Making positive changes — one BEAT at a time
Diamonds, flowers, chocolates or a hug for your favorite person. Yes, Valentine’s Day is coming up — a day set aside to tell those dear to you how much they mean to you.
The week of Valentine’s Day is also recognized as National Cardiac Rehabilitation Week. This year’s theme is “Making Positive Changes, One BEAT at a Time.” Cardiac Rehabilitation Week, initiated by the American Association of Cardiovascular and Pulmonary Rehabilitation (AACVPR), coincides with both Valentine’s Day and American Heart Month in an effort to draw greater attention to heart health. The goal for the recognition of this week is to highlight the role of prevention and education in the treatment of heart disease.
Cardiac rehabilitation programs generally provide services to improve the health and performance for people who have been diagnosed with heart disease or dysfunction. They also encourage lifestyle changes for individuals with known cardiovascular diseases. But as they say, “an ounce of prevention is worth a pound of cure,” applies to heart disease as well. There are lots of things that we can do to help reduce the risk of heart disease, but there is no one thing we can do to guarantee that we won’t be afflicted with heart disease. Certainly our family history has a lot to say about it and there isn’t much we can do about that. But if you do have a strong family history of heart disease, then there is even more reason to take steps to reduce your personal risk. There are many things we can do with regards to the foods we eat to help provide a heart healthy diet.
Generally speaking, the recommendations for a heart healthy diet would include: eating a well-balanced diet with foods from all the food groups, limiting saturated and trans fats, as well as salt, sweets and sugar-sweetened beverages. Most of us can probably think of an improvement or two that we could make with our eating habits. The theme for this year keys in on this point in that positive changes, even if they seem like small changes are how lifestyle changes are made. Adopting a new healthy habit or two that can be sustained is much more likely to become a lifestyle habit than a big change that you can only sustain for a short time.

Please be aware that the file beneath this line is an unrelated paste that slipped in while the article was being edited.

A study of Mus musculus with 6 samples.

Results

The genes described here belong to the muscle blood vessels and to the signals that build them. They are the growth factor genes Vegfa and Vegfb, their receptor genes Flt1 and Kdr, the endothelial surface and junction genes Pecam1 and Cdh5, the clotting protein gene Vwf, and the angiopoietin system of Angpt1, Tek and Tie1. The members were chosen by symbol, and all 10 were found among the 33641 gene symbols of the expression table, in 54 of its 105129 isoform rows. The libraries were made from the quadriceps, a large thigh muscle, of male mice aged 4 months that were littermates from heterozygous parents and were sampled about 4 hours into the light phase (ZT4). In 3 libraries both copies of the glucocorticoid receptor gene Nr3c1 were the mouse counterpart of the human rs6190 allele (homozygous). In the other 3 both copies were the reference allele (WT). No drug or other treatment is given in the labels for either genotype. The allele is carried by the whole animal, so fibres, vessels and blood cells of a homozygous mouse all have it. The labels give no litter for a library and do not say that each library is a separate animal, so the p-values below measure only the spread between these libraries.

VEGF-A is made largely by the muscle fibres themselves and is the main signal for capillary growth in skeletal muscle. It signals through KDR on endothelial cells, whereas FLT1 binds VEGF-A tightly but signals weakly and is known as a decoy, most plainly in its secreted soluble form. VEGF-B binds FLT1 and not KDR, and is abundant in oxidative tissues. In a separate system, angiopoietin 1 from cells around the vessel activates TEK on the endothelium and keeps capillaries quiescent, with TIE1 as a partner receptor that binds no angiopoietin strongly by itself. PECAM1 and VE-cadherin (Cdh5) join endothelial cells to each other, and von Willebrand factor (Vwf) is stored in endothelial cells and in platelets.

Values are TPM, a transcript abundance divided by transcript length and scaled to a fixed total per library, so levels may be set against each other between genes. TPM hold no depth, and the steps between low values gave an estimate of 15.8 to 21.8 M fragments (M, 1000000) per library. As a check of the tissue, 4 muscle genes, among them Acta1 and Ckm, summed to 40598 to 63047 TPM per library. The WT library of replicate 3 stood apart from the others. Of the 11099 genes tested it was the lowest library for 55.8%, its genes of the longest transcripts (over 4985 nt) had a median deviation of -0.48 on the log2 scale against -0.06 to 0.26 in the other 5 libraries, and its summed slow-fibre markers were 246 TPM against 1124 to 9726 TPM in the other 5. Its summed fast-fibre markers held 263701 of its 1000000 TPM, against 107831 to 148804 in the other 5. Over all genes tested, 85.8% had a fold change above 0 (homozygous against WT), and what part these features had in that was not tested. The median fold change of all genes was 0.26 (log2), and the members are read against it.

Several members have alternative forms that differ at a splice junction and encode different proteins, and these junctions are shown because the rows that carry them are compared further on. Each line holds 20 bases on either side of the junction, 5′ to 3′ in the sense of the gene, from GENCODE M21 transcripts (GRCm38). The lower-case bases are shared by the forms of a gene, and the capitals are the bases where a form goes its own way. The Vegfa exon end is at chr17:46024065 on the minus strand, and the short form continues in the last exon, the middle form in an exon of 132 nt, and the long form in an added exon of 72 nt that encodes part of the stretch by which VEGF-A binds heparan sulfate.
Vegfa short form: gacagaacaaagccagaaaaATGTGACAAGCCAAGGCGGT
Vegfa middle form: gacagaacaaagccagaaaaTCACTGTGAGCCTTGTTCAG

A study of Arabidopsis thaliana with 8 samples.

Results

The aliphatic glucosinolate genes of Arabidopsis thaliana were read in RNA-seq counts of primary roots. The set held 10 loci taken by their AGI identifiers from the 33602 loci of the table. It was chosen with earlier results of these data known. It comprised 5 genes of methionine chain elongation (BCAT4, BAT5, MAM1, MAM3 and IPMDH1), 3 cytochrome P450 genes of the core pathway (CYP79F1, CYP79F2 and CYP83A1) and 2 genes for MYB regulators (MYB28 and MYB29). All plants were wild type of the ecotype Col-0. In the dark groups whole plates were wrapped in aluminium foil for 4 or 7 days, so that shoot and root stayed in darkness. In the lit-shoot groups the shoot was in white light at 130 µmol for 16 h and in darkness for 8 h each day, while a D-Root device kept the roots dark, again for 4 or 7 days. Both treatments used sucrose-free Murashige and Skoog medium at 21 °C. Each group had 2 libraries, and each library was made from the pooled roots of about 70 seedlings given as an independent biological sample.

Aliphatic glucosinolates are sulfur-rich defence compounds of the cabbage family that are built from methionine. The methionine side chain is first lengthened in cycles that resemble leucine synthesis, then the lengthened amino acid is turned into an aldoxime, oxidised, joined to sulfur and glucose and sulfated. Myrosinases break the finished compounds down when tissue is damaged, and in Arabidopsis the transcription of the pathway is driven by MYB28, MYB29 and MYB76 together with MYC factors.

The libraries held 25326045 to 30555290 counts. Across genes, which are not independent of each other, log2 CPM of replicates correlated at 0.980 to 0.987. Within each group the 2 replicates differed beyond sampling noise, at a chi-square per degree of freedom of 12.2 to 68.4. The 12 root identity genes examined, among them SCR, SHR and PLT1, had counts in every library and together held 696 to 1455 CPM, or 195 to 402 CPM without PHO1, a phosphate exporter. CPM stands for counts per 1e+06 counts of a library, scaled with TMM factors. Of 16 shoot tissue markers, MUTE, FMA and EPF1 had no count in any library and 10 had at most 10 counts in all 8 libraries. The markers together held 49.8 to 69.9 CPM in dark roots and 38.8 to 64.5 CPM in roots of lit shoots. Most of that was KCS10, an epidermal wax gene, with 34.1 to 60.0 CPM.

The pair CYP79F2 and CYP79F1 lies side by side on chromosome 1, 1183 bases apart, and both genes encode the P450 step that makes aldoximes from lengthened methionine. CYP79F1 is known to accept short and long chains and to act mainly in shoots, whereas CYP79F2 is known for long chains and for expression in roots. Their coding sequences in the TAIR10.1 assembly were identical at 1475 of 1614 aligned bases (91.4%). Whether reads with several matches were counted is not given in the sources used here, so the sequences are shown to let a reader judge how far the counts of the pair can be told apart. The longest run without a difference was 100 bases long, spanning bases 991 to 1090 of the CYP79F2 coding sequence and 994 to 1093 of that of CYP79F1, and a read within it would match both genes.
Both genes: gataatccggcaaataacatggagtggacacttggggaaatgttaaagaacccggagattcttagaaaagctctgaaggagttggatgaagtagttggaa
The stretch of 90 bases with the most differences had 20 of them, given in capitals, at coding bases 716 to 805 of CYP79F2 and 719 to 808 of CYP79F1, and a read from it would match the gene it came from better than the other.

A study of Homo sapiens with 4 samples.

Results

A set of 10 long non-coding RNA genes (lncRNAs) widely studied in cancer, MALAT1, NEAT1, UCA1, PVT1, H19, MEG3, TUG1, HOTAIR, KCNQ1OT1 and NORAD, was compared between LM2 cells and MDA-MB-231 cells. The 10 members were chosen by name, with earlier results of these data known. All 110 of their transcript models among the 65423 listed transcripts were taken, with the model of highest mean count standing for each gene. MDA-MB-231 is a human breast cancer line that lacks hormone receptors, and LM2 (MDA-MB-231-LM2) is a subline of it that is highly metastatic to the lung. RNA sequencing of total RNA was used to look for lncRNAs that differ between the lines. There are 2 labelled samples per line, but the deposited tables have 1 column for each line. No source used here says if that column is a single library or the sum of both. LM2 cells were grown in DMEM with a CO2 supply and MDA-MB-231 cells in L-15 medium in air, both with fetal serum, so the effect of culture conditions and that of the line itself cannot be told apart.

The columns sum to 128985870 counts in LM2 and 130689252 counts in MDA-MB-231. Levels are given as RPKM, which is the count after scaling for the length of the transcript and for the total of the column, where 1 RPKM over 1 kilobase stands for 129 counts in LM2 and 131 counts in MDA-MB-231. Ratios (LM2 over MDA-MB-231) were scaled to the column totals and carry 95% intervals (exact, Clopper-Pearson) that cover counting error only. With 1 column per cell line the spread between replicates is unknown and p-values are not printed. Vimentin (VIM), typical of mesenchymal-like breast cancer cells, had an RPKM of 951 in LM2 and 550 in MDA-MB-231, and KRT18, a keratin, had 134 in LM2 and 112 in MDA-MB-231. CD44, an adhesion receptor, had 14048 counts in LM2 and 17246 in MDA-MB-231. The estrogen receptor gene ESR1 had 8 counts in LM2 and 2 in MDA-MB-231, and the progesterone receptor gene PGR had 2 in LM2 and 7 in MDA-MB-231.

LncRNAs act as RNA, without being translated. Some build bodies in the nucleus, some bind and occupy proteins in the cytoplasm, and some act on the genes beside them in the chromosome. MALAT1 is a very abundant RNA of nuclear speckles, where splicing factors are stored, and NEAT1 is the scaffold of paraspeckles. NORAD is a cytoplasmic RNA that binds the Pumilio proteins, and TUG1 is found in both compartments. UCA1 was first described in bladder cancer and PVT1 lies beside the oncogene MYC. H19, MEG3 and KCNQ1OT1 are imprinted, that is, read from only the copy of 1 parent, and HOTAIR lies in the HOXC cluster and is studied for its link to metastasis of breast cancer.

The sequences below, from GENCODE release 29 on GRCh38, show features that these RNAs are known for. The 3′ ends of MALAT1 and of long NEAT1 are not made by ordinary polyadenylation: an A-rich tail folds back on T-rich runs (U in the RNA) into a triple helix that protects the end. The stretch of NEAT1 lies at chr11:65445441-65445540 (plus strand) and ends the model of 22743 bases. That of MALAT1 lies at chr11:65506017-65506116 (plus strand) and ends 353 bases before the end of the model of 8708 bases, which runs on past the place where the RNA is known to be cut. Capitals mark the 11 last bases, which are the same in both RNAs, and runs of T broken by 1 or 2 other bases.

I was reminded of this when I was talking with someone who mentioned that many years ago they had experimented with substituting unsweetened applesauce for oil when they made a baked item such as a cake mix or brownies and that they were still doing this. I recall my daughter doing 4-H projects with this many years ago and we also experimented with how acceptable the resulting baked product was compared to the original version. As I recall the texture was slightly different (a little bit heavier) but taste-wise it was very comparable. For the next year or so, I often would substitute applesauce to cut back on the fat content of a product. I think it might be time for me to revisit that habit, although I do much less baking now that my kids are no longer living at home.
If you want to try this, you can use applesauce or any type of fruit puree in place of the oil in a recipe. You can substitute it cup for cup, so if your recipe calls for 1/2 cup of oil, you would use 1/2 cup of applesauce. You would want to use unsweetened applesauce, otherwise your product may end up being too sweet with the added sugar from the sauce. In addition, the sweetened version would contribute a few more carbohydrates and calories to the finished product. Other fruit purees, such as prune or pear will work too, but the milder flavor of applesauce won’t interfere with the original flavor of your recipe. If you are planning to give this a try, be sure to do a test run before a big event, such as a birthday party, so that you can judge for yourself if the product is an acceptable substitute.
Replacing cooking oil with a fruit puree in a baked good is one way to cut back on some fat in the recipe. However, baked desserts and treats, whether they’re made with oil or fruit puree still contain a lot of empty calories. The next positive step or change might be substituting fruit for dessert! One of my favorite fruits is soon to be coming to our way. The Fruit Club is taking orders for and delivering fresh strawberries from the fields in Florida this month. One of my favorite desserts uses those sun-ripened strawberries dipped in a little dark chocolate. Or an even simpler and easier to eat version, would have those strawberries sliced in a bowl with a little dark chocolate grated over the top. That combination of a naturally sweet fruit with a little chocolate as a garnish is a favorite of mine.
Whatever tweaks you might make to your eating habits, whether you’re eating at home or eating out — you can enjoy flavorful foods AND eat heart healthy. A healthy diet does not mean tasteless foods. What better time than February, Valentine’s Day and American Heart Month to remind us to take care of our heart.
Cheryl Rude is a registered dietitian at Avera Marshall Regional Medical Center.